Ronin Handout

Detail from the Chicago Manuscript of Justinian’s Digest (Codex Ms 445). Page 3 of Part 8 in the digitized version of Volume 1. Public Domain.


Passage One

Digest 39.1. Notice of new work. De operis novi nuntiatione. (Trad. Watson 1998)

ULPIAN, Edict, book 52: This edict offers the assurance that if a piece of work, whether or not it is being carried out legally, is restrained by a notice of new work, the prohibition will be relaxed insofar as the person who served the notice has no right to prevent the work being done.

Ulp. Ad ed. libro 52. pr. Hoc edicto promittitur, ut, sive iure sive iniuria opus fieret, per nuntiationem inhiberetur, deinde remitteretur prohibitio hactenus, quatenus prohibendi ius is qui nuntiasset non haberet.

 Passage Two

Cicero, Topica 4.22 (Text and Trad. Hubbel, 1949, Loeb Classical Library 386)

From efficient causes in this way: Anyone has a right to build a wall to touch a party wall at a right angle; and this new wall may be either solid or resting on arches. But a man who has given guarantees against eventual damage in demolishing a party wall will not be bound to make good the loss which is caused by an arch. For the damage was not caused by any fault of the man who demolished the party wall, but by a defect in building the arch which was so constructed that it could not be supported (without the party wall).

Ab efficientibus rebus hoc modo: Omnibus est ius parietem directum ad parietem communem adiungere vel solidum vel fornicatum. Sed qui in pariete communi demoliendo damni infecti promiserit, non debebit praestare quod fornix viti fecerit. Non enim eius vitio qui demolitus est damnum factum est, sed eius operis vitio quod ita aedificatum est ut suspendi non posset.

Passage Three

Digest 43.10. A public street and if anything is said to have been done in it. De via publica et si quid in ea factum esse dicatur. (Trad. Watson 1998)

Papinian, Care of Cities: The city overseers are to take care of the streets of the city, so that they are kept level, so that houses are not damaged by overflows, and so that there are bridges where they are needed. 1. And they are to take care that private walls and enclosure walls of houses facing the street are not in bad repair, so that the owners should clean and refurbish them as necessary. If they do not clean or refurbish them, they are to fine them until they make them safe. 2. They are to take care that nobody digs holes in the streets, encumbers them, or builds anything on them. In the case of contravention, a slave may be beaten by anyone who detects him, a freeman must be denounced to the overseers, and the overseers are to fine him according to law and make good the damage. 3. Each person is to keep the public street outside his own house in repair and clean out the open gutters and ensure that no vehicle is prevented from access. Occupiers of rented accommodation must carry out these repairs themselves if the owner fails to do so and deduct their expenses from the rent. 4. They must see to it that nothing is left outside workshops, except for a fuller leaving out clothing to dry, or a carpenter putting out wheels; and these are not by doing so to prevent a vehicle from passing. 5. They are not to allow anyone to fight in the streets, or to fling dung, or to throw out any dead animals or skins.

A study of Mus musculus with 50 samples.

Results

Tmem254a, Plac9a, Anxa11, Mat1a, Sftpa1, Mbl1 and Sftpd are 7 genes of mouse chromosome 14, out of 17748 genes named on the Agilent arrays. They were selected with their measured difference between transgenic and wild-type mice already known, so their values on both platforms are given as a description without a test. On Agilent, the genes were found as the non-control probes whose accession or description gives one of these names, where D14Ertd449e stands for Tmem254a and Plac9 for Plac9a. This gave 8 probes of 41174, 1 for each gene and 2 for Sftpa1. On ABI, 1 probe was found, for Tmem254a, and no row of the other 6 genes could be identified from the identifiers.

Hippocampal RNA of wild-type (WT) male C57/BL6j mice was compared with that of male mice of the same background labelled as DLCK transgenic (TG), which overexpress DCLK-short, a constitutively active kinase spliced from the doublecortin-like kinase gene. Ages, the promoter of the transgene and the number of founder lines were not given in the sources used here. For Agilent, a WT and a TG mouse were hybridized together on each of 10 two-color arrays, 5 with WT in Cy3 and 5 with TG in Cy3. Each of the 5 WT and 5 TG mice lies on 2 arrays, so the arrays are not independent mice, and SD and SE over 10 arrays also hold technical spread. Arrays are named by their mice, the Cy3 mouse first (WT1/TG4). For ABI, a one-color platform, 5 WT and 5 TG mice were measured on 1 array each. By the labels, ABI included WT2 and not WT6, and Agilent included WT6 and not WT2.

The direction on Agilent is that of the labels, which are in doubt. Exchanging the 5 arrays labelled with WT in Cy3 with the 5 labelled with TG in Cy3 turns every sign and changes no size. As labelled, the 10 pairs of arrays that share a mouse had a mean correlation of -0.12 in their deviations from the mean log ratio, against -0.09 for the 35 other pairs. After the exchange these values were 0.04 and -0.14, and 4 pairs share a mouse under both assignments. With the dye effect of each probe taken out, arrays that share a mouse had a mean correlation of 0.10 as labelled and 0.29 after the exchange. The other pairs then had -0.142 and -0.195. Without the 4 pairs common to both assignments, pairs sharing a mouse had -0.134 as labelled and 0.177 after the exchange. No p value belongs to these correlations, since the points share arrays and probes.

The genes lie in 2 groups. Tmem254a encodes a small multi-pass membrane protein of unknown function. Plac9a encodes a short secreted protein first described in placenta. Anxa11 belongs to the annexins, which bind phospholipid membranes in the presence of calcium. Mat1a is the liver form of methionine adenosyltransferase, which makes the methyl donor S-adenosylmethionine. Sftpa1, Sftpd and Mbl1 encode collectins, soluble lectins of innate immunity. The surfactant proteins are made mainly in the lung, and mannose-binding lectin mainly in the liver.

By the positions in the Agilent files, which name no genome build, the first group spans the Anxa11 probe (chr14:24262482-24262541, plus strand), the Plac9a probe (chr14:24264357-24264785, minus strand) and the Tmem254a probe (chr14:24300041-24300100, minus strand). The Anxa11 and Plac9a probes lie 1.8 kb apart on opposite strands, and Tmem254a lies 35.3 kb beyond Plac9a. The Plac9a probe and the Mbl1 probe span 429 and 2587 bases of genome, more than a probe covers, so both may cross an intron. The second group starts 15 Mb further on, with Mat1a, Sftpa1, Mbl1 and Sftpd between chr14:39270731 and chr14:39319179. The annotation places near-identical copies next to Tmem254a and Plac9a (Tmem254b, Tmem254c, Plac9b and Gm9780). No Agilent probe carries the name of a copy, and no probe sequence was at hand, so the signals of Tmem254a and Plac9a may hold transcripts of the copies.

43.10. Ex Papiniani de cura urbium libro

pr. Curatores urbium curam agant viarum in urbe, ut complanentur et flumina aedificia ne noceant et pontes sint ubi opus est. 1. Item curam agant, parietes privati [aliorumve delendum] quaeve alia circa domus viam attingunt vitiosa ne sint, ut domini aedium sic ut oportet eas commundent et reficiant. quod si non commundabunt vel non reficient, multanto eos, donec ea firma reddant. 2. Item curam agant, ne quis in viis fodiat neve eas obruat neve quicquam in viis aedificet: sin minus, servus ab eo qui eum deprehendet verberator, liber curatoribus indicator, curatores autem eum multanto secundum legem et opus quod factum est deponunto. 3. Vias autem publicas unumquemque iuxta domum suam reficere oportet et canales ex subdiali repurgare et reficere ita, ut vehiculum recte ibi iter facere possit. qui in conducto habitant, si dominus non reficit, ipsi reficiunto et quod impenderint a mercede deducunto. 4. Item curam agant, ne quid ante officinas proiectum sit: praeterquam si fullo vestimenta siccet vel faber rotas foris ponat: ponunto autem hi quoque sic, ut vehiculum iter facere possit. 5. Ne sinunto autem neque pugnari in viis nec stercus proici nec cadavera nec pelles eo conici.

Passage Four

Dig. 43.12. Rivers: To prevent anything from being done in a public river, or on its bank, to hamper navigation. De fluminibus. Ne quid in flumine publico ripave eius fiat, quo peius navigetur. (Trad. Watson 1998)

1 ULPIAN, Edict, book 68: The praetor says: “You are not to do anything in a public river or on its bank, nor put anything into a public river or onto its bank, which makes the landing or passage of a boat worse.”

43.12.1 Ulpianus libro 68 ad edictum. pr. Ait praetor: “Ne quid in flumine publico ripave eius facias neve quid in flumine publico neve in ripa eius immittas, quo statio iterve navigio deterior sit fiat”.